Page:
What to do When Someone Dies

What to Do When Someone Dies

When someone you love dies, you may wonder how the world can keep turning. Despite dealing with roller coaster emotions and family drama, someone needs to take the reins and deal with the decedent’s affairs.
At Weinberg Elder Law, we understand how you may be feeling and are here to help. We’ve prepared the following checklist to guide you through the first days and weeks after a loved one’s passing:

  1. Confirm with the funeral home that they will secure at least a dozen copies of the death certificate and notify the Social Security Administration (SSA).
  2. Find your loved one’s original copy of their Will, if they had one. If you’ve done an exhaustive search and can’t find the original, a copy may be accepted.
  3. Resist the urge to pay the decedent’s bills. They are not your debts, and paying them may make you legally responsible.
    • Instead, draft a form letter notifying each debt holder that your loved one has passed and say that you are initiating the probate process. Ask for patience. Enclose the letter in the return envelope that came with the bill.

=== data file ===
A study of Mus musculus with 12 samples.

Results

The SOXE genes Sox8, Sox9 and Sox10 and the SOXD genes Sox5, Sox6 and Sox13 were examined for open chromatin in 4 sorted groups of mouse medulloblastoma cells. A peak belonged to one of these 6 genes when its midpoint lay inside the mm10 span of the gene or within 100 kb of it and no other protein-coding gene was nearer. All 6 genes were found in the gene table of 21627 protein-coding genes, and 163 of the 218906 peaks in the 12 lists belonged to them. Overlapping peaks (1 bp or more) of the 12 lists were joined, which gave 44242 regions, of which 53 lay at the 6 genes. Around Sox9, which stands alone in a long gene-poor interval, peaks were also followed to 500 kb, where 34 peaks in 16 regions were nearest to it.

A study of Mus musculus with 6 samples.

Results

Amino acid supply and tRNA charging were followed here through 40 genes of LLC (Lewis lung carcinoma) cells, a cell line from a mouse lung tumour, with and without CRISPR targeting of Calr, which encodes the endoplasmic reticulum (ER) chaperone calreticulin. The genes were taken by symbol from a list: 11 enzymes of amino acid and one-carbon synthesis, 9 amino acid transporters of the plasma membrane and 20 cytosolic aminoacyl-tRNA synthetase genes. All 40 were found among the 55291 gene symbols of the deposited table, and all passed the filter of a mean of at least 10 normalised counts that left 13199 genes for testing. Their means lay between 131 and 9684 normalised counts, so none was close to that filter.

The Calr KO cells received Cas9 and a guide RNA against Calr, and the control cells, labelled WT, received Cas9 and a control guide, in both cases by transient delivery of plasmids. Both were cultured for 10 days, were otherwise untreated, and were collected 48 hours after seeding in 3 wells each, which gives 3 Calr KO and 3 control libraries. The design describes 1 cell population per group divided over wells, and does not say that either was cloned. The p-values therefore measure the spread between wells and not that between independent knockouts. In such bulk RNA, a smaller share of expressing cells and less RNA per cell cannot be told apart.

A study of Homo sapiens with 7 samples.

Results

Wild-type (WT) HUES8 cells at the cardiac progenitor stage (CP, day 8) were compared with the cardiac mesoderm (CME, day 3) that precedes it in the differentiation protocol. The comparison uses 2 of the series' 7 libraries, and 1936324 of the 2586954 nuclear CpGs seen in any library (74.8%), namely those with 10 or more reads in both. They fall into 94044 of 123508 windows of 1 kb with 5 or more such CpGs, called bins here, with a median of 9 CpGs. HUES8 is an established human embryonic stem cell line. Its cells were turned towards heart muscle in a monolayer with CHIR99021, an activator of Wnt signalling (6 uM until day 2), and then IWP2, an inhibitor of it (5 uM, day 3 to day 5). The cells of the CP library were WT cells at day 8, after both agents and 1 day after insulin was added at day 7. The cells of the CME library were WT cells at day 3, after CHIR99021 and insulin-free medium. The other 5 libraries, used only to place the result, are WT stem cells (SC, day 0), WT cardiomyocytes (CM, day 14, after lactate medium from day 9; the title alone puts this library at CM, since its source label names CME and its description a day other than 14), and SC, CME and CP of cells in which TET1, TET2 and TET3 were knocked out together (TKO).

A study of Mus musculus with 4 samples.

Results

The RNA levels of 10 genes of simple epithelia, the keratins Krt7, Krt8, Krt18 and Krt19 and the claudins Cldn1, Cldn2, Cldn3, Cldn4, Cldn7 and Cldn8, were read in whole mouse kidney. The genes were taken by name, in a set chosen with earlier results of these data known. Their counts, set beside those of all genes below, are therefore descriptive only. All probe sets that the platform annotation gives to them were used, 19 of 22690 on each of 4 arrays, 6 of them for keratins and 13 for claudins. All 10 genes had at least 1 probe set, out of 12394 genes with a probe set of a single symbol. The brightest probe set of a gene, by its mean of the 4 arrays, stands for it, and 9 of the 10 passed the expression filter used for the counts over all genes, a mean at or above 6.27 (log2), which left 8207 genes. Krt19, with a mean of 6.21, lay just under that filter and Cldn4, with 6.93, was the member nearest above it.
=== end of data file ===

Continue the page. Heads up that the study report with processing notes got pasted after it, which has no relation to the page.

• Exceptions to non-payment: You must pay secured debts such as a home mortgage and an installment loan for a vehicle. Those debts should continue to be paid on time.
  4. Collect your loved one’s postal mail and check email accounts as well. You will likely find outstanding paper bills and e-bills, especially if the person paid bills online.
  5. If your loved one was on Medicaid and living in a nursing home at the time of death, you have 10 days to notify them of the death. Expect the state to recover some of the funds it paid to the nursing home on your loved one’s behalf if the estate’s value exceeds $25,000.
  6. If there is a Trust involved, you need to alert everyone listed on the trust documents (beneficiaries) of your loved one’s passing.
  7. Your loved one may have pre-paid funeral expenses or purchased an insurance policy earmarked to cover the cost of the funeral. Share the prepaid agreement with the funeral home or sign the insurance policy over to it to be applied to the bill.
    • If your loved one was a military veteran, check into free burial in a veteran cemetery.
  8. Watch your loved one’s bank account. The SSA will most assuredly deposit one additional benefits check after they have been notified, and the SSA is going to want that money back. Let those funds sit in the account until the SSA pulls them back electronically.